Not since the civil war of the 1980s have so many helicopters clattered over remote parts of Nicaragua. Now, however, the guys squinting down through the tree canopy are in suits: lawyers and business consultants from the United States, Australian engineers, British environmental auditors, even Chinese executives. Their per diems are being paid by Wang Jing, a Chinese businessman driven by a $40-billion quest to build a canal from Nicaragua's Atlantic coast to its Pacific one.
The dream of such a canal, three times as long as the one through Panama completed in 1914, is centuries old, and has made fools of all who ever believed in it. Wang already has pulled off one remarkable feat, however: He has persuaded the former revolutionaries in the Sandinista government to put Nicaragua's sovereignty in hock to make his dream come true.
To do so he has deployed little more than his personal chequebook and a bit of old-fashioned swagger in the style of Cornelius Vanderbilt, the tycoon who blazed a trail by shipping migrants from the eastern United States to its west coast via Nicaragua during the Gold Rush years of the 1840s and 1850s.
"He's a person who radiates confidence," says Manuel Coronel Kautz, president of Nicaragua's canal authority. "His company headquarters alone would cover half of Managua."
This chutzpah has played well with a government eager for someone new to believe in now that its former benefactor, president Hugo Ch°vez of Venezuela, has died.
"This lad is a revolutionary," Coronel purrs.
Since June, when the Sandinista-dominated National Assembly rubber-stamped a law granting a 50-year concession, renewable for as long as 100 years, to Wang's HKND Group, many have wondered whether the 40-year-old telecommunications boss is a crank. In August the Associated Press reported that in many countries where he has claimed to be doing business, including Nicaragua, his companies are barely noticeable.
Although both Wang and President Daniel Ortega insist the project will go ahead, people who have worked with HKND say it has more of an option to build than an obligation.
ERM, a British consultancy, is looking at the environmental and social effect of digging a deep channel through Lake Nicaragua, one of the largest lakes in Latin America, and carving through ancestral indigenous lands. Australian engineers are pondering how to remove millions of truckloads of dirt in a country with no large excavators, let alone nearby roads or railways.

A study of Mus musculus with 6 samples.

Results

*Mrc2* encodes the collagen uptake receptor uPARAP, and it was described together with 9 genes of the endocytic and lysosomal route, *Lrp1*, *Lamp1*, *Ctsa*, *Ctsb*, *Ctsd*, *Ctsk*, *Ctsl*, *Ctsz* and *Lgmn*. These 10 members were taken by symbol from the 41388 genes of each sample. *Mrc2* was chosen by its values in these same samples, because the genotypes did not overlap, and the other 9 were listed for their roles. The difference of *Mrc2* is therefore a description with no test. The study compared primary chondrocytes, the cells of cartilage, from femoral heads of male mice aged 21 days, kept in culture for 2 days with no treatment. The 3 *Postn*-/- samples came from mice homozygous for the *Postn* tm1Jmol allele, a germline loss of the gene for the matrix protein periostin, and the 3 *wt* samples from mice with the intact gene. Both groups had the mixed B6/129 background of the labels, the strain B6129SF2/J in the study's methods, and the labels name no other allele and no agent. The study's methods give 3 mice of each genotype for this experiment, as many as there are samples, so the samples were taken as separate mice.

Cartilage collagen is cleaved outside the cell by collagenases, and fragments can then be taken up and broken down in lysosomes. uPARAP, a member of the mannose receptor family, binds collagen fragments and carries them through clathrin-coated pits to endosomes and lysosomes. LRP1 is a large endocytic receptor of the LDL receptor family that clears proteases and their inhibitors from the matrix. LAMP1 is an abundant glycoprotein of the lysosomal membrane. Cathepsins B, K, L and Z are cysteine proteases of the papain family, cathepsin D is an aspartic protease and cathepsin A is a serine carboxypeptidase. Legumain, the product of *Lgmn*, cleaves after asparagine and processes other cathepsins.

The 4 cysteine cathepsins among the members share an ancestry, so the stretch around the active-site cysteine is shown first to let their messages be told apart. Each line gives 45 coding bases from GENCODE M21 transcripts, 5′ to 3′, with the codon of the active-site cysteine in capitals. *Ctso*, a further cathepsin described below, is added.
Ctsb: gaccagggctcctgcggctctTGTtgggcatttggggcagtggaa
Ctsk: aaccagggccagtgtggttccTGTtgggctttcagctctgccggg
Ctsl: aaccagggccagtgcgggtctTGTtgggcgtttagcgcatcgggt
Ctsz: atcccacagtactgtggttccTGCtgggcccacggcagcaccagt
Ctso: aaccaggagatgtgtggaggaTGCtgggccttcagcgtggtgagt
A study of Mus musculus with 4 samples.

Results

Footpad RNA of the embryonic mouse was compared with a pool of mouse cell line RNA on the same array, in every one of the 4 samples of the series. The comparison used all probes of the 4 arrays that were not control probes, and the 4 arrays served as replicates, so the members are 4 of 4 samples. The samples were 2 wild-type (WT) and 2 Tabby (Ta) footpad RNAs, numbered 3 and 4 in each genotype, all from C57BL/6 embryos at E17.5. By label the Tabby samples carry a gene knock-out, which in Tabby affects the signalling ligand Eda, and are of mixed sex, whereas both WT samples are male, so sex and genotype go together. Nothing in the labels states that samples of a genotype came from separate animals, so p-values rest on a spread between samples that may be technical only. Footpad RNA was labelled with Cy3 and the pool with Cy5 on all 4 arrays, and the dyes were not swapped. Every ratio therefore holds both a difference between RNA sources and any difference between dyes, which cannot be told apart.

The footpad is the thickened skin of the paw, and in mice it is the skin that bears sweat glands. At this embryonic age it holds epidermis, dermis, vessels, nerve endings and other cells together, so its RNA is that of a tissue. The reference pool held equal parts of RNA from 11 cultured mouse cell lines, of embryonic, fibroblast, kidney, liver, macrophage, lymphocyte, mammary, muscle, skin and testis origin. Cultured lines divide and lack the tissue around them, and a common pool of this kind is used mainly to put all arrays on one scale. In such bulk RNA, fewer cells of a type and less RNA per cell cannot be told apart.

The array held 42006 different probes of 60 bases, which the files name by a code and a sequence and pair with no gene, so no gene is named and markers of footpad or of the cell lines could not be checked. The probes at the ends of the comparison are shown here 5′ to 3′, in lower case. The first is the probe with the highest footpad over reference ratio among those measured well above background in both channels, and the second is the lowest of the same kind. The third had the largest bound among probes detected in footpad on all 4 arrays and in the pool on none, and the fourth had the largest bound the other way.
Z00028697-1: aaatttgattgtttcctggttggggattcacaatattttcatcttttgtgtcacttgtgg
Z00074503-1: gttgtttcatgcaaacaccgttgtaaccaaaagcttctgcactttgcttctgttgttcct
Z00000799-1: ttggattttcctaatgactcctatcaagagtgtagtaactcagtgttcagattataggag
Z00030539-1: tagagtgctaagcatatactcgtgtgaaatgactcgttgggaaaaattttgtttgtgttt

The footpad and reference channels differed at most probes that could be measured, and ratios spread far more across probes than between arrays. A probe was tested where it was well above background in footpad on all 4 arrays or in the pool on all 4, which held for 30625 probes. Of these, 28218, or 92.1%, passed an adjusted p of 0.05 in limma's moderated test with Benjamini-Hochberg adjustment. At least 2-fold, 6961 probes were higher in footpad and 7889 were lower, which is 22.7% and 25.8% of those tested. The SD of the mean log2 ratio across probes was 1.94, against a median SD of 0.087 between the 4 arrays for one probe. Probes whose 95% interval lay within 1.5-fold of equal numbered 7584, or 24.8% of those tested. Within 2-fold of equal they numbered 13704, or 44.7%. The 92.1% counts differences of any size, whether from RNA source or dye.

McKinsey, a business consultancy, is said to be working out how the project could make enough money to entice sovereign-wealth funds to bankroll it.
The economic case is not easy to make. If the engineering challenges are too severe, even some supporters of the project say it may be impossible to raise the billions of dollars necessary to go any further. HKND argues large volumes of globally traded goods already are being carried on ships too big for the Panama Canal, even after its current expansion. Nicaragua's canal, with twice the draft of Panama's, would aim to accommodate such giants.
The project also may rest on shaky legal ground. Gabriel Ålvarez, a law professor at Nicaragua's National Autonomous University, says there have been 32 charges of unconstitutionality, a number he reckons unprecedented in Nicaragua. He points out the law gives the company unfettered, tax-free rights to vast tracts of land, which would violate the country's sovereignty.
At the same time, the government pledges to expropriate all land along the chosen route at potentially below-market rates, which has outraged indigenous groups and businessmen.
Coronel rejects such arguments. He believes the company will work in the interests of Nicaragua, overseen by a canal commission that will safeguard sovereignty.
Among those who oppose the concession are many who, under different circumstances, would see it as a lifesaver for impoverished Nicaragua.
Like many in Central America, they believe the first country to find a new way across the isthmus would reap enormous gains.
The trouble, they say, is Ortega's Sandinistas control all organs of government, including the Supreme Court, which means legal and environmental challenges are unlikely to get a fair hearing. There was almost no public debate before the law was approved.
As a result, Wang's contract may not be safe if the government changes. That does not worry Coronel. The white-haired son of one of Nicaragua's most famous poets, he long has dreamed of the canal as a way of raising Nicaraguan living standards, an unfulfilled pledge of the Sandinista revolution.
His only concern, the 80-year-old says, is he may not live long enough to see the dream fulfilled.
By then, in Ortega's words, Nicaragua will have reached the "promised land."